Monday, March 18, 2019

Boyer v. Ventura County (Cal. Ct. App. - March 18, 2019)

The result of today's opinion by Justice Yegan seems right to me.  Though, respectfully, I think he dramatically overstates the case.

For over a century, the rule was that you could run to be a County Sheriff with the same qualifications you needed to run for virtually any other political office.  Which is to say:  None.  You don't have to be smart to be, say, the Mayor.  So you also didn't have to be smart -- or qualified, or competent, or potty trained -- to be the Sheriff.  The voters got to decide.

But in 1988, after 150 years of things working out just fine relying on the voters, the Legislature decided to limit who could become a County Sheriff, and imposed some minimal qualifications for the office.

The Court of Appeal upholds those limitations.  And Justice Yegan waxes poetic about their utility, saying (among other things):

"We are quick to observe a common sense reason why appellant cannot prevail. Experience is the best teacher. This is true whether you are a plumber, a teacher, a doctor, or a lawyer. It also applies to being the elected sheriff of a county where there are several hundred deputy sheriffs and several hundred non-sworn personnel to supervise. It does not matter how intelligent you are or if you are acting in good faith. There is a good reason why the Legislature has imposed an experience requirement. To get a “feel” for law enforcement, i.e., coming to a true understanding of it, you must learn about it in the field by doing it. The people of California have been well served by personnel who have worked their way up the chain of command to leadership."

I'm not going to quibble with the underlying concept.  Experience is often indeed helpful.  At least all other things being equal.  Mind you, if the voters feel like electing someone with less experience -- an "outsider," perhaps -- I'm fine with that too.  Sometimes experience is good, and sometimes it's good to instead get someone who perhaps brings a fresh perspective that's not been formed (and/or jaded) by prior work in the area.

Which is why, for example, we don't have any service qualifications to become, say, President of the United States.  If you've got a pulse, are 35 years old (14 of which were spent here) , and are a natural born citizen, you can control the world.  If you can convince the voters that you should.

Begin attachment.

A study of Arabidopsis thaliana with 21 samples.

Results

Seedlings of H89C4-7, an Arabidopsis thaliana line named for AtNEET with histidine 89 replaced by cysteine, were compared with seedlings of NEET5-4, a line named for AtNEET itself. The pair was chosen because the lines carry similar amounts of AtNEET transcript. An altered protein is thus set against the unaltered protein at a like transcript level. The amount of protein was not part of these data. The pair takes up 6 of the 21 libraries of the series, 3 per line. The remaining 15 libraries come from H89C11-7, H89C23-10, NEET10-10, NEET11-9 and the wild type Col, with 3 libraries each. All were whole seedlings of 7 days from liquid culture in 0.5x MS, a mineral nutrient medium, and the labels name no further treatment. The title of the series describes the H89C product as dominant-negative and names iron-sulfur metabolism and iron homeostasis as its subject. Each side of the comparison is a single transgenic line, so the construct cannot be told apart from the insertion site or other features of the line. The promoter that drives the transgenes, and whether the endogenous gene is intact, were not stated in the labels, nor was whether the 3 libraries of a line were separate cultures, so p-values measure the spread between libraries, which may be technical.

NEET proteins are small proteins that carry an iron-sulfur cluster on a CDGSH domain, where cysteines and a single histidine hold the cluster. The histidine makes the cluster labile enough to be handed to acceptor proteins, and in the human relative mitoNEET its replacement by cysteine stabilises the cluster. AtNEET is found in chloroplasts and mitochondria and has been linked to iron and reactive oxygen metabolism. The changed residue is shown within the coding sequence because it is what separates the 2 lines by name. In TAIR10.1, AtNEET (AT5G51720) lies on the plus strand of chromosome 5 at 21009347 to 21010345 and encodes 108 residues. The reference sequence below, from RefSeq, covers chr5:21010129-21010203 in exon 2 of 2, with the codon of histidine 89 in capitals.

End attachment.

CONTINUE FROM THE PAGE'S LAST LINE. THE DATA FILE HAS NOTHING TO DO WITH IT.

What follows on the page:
So, to me, I'm not a thousand percent positive that there are "good reasons" by the Legislature has imposed an experience requirement.  The world might (or might not) be a better place without them, relying instead (as we did for 150 years) on the intelligence of the voters to decide what role, if any, any particular degree of experience should be required.

That said, I am also fairly confident that it was rational for the Legislature to impose the experiential requirements it imposed.  Since that's all that seems to be required under the California Constitution, the result of today's opinion -- that the statute is constitutional -- works for me.  Even though I'm not entirely simpatico with Justice Yegan's certainty that experience is necessarily essential.

At the same time, I'm also confident that I affirmatively disagree with the Court of Appeal's apparent belief that the particular requirements here manifestly make sense.  Or, to put it differently, that there is no way to get a "true understanding" of the role of a county sheriff any way other than by "doing it," or that the particular experiential requirements imposed by the Legislature ensure that candidates have "worked their way up the chain of command to leadership."

Because, in truth, the Legislature's experiential requirements are incredibly minimal.  Spend a year as a marshal for a magistrate in a federal civil courtroom, having never pulled your gun or gotten out of your chair? You're qualified.  Spend 12 months as an investigator for a district attorney?  Good to go. Work a year with Fish & Game making sure people bought their fishing licenses?  Welcome to being County Sheriff.  All of these people are qualified.  Seems to me to overstate the case by saying that all of these people necessarily "know the field" than, say, a professor of criminal justice who's worked in the area for 30 years, or a civilian member of the Police Review Board (or maybe even a criminal defense attorney) who's had a quarter century of exposure to a wide variety of police practice.

And that's probably even true for candidates with actual police experience.  For example, under the statute, if you spend 12 months as the sole police officer in, say, Amador City (population: 125), you can be County Sheriff.  Maybe County Sheriff of, say, Alpine County (population: 1057).  Your year of work as the sole officer in a sleepy town of 125 hardly constitutes "work[ing] [your] way up the chain of command to leadership."  Nor does a candidate for the Alpine County Sheriff position, I imagine, constitute an office "where there are several hundred deputy sheriffs and several hundred non-sworn personnel to supervise."

Seems to me that a voter might well reasonably say, "Yeah, I'm not so sure that Ice-T has much experience in the area, but, hey, he plays a cop on television, and I don't think that Barney Fife guy who's running against him is all that hot, so I'm going with the big guy."  In short; experience can be way, way overrated.

Including by the Court of Appeal.

But, to reiterate, it's rational to require some degree of experience.  Could reasonable minds differ?  Sure.  And undeniably do.  But since the statute has a rational basis, and the Constitution doesn't seem to affirmatively exclude Legislative requirements for the position (e.g., by imposing its own), that's dispositive.

No need to wax poetic about the manifest wisdom of the underlying rule.  Since, at least to me, the merits of such a requirement seem a much closer call.